April 7 — Neustar Inc. filed a lawsuit against the FCC April 6 for choosing Telcordia Technologies to take over the contract for providing phone-number porting services in the U.S.
In its suit filed in the U.S. Court of Appeals for the District of Columbia Circuit, Neustar said that the Federal Communications Commission's March 26 Local Number Portability Administrator (LNPA) order violated the Administrative Procedure Act for failing to issue a notice of proposed rulemaking (NPRM) on the matter as well as the Federal Advisory Committee Act (FACA).
The lawsuit was expected and doesn't impact Telcordia's plans for providing the LNPA services, a source familiar with the company's plans told Bloomberg BNA in a April 7 e-mail.
“We believe that the FCC’s decision was well-reasoned and its process was open and fair,” John Spirtos, executive vice president of iconectiv—Telcordia's U.S. operational division—told Bloomberg BNA in an April 7 e-mail. “Opening the local number portability administrator contract up to competition ultimately benefits carriers and consumers and we are confident the ruling will be upheld.”
Since the late 1990s, Neustar has provided the LNPA services, which, among other things, lets consumers and businesses keep their same telephone numbers when switching carriers.
“Neustar seeks review on the grounds that the order (1) violates the notice-and-comment rulemaking requirements of the Administrative Procedure Act, 5 U.S.C. §553; (2) violates the Federal Advisory Committee Act, 5 U.S.C. app. 2 §10; (3) violates 47 U.S.C. §251(e)(1) and the Commission's implementing rules by designating an entity to serve as LNPA that is not impartial or neutral; and (4) is arbitrary, capricious, an abuse of discretion, or otherwise contrary to law,” Neustar's complaint said. “Neustar respectfully requests that this Court hold unlawful, vacate, enjoin, and set aside the order.”
“As a result of the order, Neustar is denied the opportunity to negotiate an extended renewal of its contracts with the NAPM and is required to begin to participate in a transition of LNPA responsibilities to Neustar's competitor,” the Neustar filing said. “Neustar is thus aggrieved by the order and has standing to challenge it.”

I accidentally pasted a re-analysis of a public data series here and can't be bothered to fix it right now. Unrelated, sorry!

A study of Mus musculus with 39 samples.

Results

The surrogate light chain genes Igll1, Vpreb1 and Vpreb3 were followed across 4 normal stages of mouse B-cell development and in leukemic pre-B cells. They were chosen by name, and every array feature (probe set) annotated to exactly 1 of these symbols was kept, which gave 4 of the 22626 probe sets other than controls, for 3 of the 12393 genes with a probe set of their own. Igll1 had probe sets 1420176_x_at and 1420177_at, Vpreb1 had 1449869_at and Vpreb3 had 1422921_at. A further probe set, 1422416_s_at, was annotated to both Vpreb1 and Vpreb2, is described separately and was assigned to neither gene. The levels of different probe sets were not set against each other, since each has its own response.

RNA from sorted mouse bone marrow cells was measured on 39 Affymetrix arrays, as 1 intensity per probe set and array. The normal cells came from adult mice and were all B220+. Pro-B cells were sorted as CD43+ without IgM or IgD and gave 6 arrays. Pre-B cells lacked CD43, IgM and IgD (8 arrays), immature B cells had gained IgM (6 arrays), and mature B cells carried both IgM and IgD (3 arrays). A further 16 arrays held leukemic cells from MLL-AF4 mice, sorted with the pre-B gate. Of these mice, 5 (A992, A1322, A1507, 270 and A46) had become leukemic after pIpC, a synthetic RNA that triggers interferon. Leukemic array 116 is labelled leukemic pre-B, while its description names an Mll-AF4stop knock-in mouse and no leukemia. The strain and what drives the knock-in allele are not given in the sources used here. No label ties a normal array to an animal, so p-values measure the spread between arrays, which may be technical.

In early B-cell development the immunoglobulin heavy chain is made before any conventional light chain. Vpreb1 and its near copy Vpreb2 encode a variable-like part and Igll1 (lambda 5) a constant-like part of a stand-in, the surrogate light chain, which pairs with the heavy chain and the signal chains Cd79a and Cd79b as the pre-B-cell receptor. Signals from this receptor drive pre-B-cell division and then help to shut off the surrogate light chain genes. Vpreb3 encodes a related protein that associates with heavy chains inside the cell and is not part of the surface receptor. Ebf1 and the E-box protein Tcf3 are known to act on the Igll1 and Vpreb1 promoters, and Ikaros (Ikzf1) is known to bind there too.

Neustar had been saying for months that the FCC should conduct a NPRM, which would have entailed a notice and comment period on the specific issues raised by Neustar against the Telecordia decision. Neustar had long challenged Telcordia's neutrality, as well.
The selection working group (SWG) of the North American Numbering Council, the federal advisory board that made the Telecordia recommendation to the FCC, violated the FACA by failing “to create and make available records that FACA requires, hold open meetings, or maintain a balanced membership,” Neustar said in an October 2014 filing to the FCC. “[T]he 1997 SWG had nearly forty organizational members from all segments of the telecommunications industry, held open meetings, and made meeting minutes and internal documents publicly available; in contrast, the current SWG has roughly a dozen members—mostly large carriers—and did none of those things.”
According to FCC filings from Telcordia and CTIA-The Wireless Association, Telcordia intends to charge the industry a little less than $1 billion over a seven-year span to provide the LNPA services, compared to Neustar's cost of $1.4 billion over the past three years, the FCC said.